Antioxidant supplements – do you need them?
What are antioxidants?
Antioxidants are molecules that can help fight damaging free radicals in your body. Your body produces free radicals in response to the environment, stress, and pressure. Examples include when you exercise, digest food or are exposed to air pollution. Antioxidants are most abundant in plant foods, and include vitamins C, A and E, beta-carotene and lycopene.
A diet high in antioxidants may reduce the risk of many diseases simply by mopping up damaging free radicals circulating in the blood stream. For example, men who eat a lot of lycopene (an antioxidant found in tomatoes) may be less likely to develop prostate cancer.
Not all free radicals are damaging, and some are even used to attack viruses or bacteria to protect us from harm. However, others can damage cells and contribute to conditions such as heart disease and some cancers.
Should you get antioxidants from food or take supplements?
It’s best to get all your nutrients, including antioxidants, from your food rather than from supplements. Taking a supplement won’t make you healthy if your overall diet doesn’t meet healthy eating guidelines.
Are there any benefits of taking supplements?
The only reason to take supplements is if you have a deficiency. For example, vegetarians might need iron or vitamin B12, or people with osteoporosis might need extra calcium and vitamin D.
If you follow a healthy balanced diet, and you have no vitamin deficiencies, adding supplements is unlikely to make any difference to your health. In fact, some supplements can be toxic in large doses so it’s best to get your nutritional needs from food.
You can get the following antioxidants from these food sources:
- Vitamin A – liver, sweet potatoes, carrots, milk and egg yolks
- Vitamin C – broccoli, Brussels sprouts, cauliflower
- Vitamin E – almonds, avocado, leafy greens
- Carotenoids – apricots, asparagus, broccoli
- Zinc – beef, oysters, pumpkin seeds
- Selenium – brazil nuts, fish, shellfish
- Beta-carotene – carrots, pumpkin, sweet potato, spinach
- Lycopene – tomato, watermelon, grapefruit.
The Australian Dietary Guidelines outline the types of foods you should be eating to reduce your risk of diet-related conditions and chronic diseases.
In some cases, your doctor may recommend you take antioxidant supplements if your diet is inadequate.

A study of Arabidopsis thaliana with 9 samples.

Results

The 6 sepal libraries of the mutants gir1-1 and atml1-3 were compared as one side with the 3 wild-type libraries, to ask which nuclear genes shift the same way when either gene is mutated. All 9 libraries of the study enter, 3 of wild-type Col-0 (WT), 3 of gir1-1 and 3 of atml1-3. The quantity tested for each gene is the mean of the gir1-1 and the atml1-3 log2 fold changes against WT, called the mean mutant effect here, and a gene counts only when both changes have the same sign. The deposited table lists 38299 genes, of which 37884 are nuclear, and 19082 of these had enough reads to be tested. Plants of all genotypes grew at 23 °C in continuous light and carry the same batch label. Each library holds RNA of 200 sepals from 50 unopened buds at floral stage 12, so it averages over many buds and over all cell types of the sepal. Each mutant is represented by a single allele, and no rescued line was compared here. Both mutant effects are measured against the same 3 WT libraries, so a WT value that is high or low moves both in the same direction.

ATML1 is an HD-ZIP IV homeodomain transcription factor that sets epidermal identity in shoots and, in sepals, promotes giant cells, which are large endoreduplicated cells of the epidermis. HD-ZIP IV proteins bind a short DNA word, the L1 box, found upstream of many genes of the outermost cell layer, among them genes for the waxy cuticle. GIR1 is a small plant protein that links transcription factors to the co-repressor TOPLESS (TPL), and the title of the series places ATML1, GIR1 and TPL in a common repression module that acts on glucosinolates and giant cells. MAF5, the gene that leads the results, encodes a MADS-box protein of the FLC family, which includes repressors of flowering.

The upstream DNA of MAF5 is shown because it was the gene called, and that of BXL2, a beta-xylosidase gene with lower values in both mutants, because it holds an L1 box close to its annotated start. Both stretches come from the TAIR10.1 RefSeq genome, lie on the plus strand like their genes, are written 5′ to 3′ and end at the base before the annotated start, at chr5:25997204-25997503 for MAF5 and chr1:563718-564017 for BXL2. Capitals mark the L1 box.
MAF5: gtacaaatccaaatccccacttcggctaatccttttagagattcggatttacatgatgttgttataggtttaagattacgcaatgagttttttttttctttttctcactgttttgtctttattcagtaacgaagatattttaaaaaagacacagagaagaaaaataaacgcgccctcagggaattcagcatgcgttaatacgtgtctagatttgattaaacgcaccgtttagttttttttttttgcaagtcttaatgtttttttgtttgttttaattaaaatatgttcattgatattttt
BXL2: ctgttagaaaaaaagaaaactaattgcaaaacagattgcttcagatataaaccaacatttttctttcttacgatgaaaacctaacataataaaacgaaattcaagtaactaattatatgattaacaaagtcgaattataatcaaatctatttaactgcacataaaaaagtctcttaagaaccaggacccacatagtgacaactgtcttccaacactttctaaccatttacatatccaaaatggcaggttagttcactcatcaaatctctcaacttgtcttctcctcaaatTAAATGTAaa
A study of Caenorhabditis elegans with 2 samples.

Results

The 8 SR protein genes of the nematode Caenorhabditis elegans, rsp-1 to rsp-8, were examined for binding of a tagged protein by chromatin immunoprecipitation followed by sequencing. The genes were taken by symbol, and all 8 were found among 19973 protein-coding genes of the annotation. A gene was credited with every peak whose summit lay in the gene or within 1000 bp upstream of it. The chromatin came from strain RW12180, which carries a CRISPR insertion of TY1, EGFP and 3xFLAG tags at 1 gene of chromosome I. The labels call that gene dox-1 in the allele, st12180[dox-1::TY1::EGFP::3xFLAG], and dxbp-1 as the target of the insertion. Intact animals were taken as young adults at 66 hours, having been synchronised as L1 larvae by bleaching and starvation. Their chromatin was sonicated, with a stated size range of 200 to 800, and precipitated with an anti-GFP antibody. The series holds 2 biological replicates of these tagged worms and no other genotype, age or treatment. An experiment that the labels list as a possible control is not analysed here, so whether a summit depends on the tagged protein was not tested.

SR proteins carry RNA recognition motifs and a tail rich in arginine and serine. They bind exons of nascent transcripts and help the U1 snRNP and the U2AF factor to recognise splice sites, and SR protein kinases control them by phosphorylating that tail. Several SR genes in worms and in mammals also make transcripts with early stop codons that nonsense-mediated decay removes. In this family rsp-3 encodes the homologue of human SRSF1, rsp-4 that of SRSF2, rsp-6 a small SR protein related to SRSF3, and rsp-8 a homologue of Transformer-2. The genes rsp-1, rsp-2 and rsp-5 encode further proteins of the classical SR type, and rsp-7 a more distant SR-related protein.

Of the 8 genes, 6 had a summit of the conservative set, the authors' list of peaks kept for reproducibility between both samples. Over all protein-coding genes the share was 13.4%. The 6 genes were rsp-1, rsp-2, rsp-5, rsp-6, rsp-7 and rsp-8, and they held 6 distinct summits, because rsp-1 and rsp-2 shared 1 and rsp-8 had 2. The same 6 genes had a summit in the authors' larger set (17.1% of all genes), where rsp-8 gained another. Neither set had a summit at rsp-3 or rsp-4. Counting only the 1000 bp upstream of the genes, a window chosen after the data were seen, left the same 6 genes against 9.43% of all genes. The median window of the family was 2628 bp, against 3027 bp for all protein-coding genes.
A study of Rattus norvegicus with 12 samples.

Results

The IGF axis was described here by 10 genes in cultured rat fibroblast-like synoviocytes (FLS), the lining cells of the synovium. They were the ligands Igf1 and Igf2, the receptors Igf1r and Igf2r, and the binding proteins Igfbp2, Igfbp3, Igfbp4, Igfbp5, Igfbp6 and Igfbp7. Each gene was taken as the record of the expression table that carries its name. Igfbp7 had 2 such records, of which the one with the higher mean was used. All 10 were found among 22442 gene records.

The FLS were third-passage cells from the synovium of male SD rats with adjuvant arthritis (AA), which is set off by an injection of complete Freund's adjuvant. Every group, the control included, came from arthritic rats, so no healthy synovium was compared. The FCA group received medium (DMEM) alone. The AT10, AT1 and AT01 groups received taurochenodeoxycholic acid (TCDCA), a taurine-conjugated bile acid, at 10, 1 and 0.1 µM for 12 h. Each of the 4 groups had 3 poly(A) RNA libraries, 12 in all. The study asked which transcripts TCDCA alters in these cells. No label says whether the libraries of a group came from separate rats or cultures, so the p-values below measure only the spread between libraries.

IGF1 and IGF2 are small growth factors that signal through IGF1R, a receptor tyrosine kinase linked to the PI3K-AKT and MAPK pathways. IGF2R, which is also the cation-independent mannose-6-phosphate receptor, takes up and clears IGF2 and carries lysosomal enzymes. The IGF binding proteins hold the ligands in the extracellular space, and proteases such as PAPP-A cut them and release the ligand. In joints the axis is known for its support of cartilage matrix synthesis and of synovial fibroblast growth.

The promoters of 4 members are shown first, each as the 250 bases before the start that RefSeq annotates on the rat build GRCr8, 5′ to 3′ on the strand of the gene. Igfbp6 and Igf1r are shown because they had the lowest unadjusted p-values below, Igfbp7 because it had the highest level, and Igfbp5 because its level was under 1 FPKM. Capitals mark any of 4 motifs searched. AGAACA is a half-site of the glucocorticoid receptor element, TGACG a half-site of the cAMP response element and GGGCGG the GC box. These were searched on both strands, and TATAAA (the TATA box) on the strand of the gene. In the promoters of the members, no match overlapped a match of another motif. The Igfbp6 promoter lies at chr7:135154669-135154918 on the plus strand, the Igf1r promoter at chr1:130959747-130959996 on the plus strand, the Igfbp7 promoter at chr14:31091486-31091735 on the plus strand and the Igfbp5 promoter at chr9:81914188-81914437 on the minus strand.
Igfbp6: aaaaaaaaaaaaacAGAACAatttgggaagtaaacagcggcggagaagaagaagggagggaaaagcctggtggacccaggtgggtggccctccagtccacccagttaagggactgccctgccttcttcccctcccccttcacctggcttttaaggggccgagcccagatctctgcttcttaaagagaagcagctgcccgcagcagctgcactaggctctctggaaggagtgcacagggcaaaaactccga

Read more about foods that can help reduce stress: The three best healthy stress foods
What happens if you take too many antioxidant supplements?
If you take antioxidant supplements in high doses, you could damage your body.
Some antioxidant supplements may:
1. Reduce your exercise performance
Taking too many antioxidant supplements, especially vitamins C and E can interfere with how your body adapts to exercise and even reduce some of the health benefits of exercise.
2. Increase your risk for some cancers
Several research studies have shown that taking antioxidant supplements like beta-carotene doesn’t reduce the risk of getting many types of cancer. It also doesn’t reduce the risk of dying from cancer. Studies have even shown that antioxidant supplements may even increase the risk of certain cancers. Some can interfere with cancer treatment medications and therapies so check with your doctor before you start taking any.
3. Cause birth defects
Some antioxidants supplements such as Vitamin A may even increase the risk of birth defects if taken in high doses. If you are pregnant, always check with your doctor before you start taking any regular supplements.
We have a wide range of easy-to-prepare recipe ideas on our website, using nutritious, healthy ingredients, that can help you meet Australian dietary guidelines. You can also learn more about the link between good nutrition and health.
Antioxidants – Better Health Channel
All information contained in this article is intended for general information purposes only. The information provided should not be relied upon as medical advice and does not supersede or replace a consultation with a suitably qualified healthcare professional.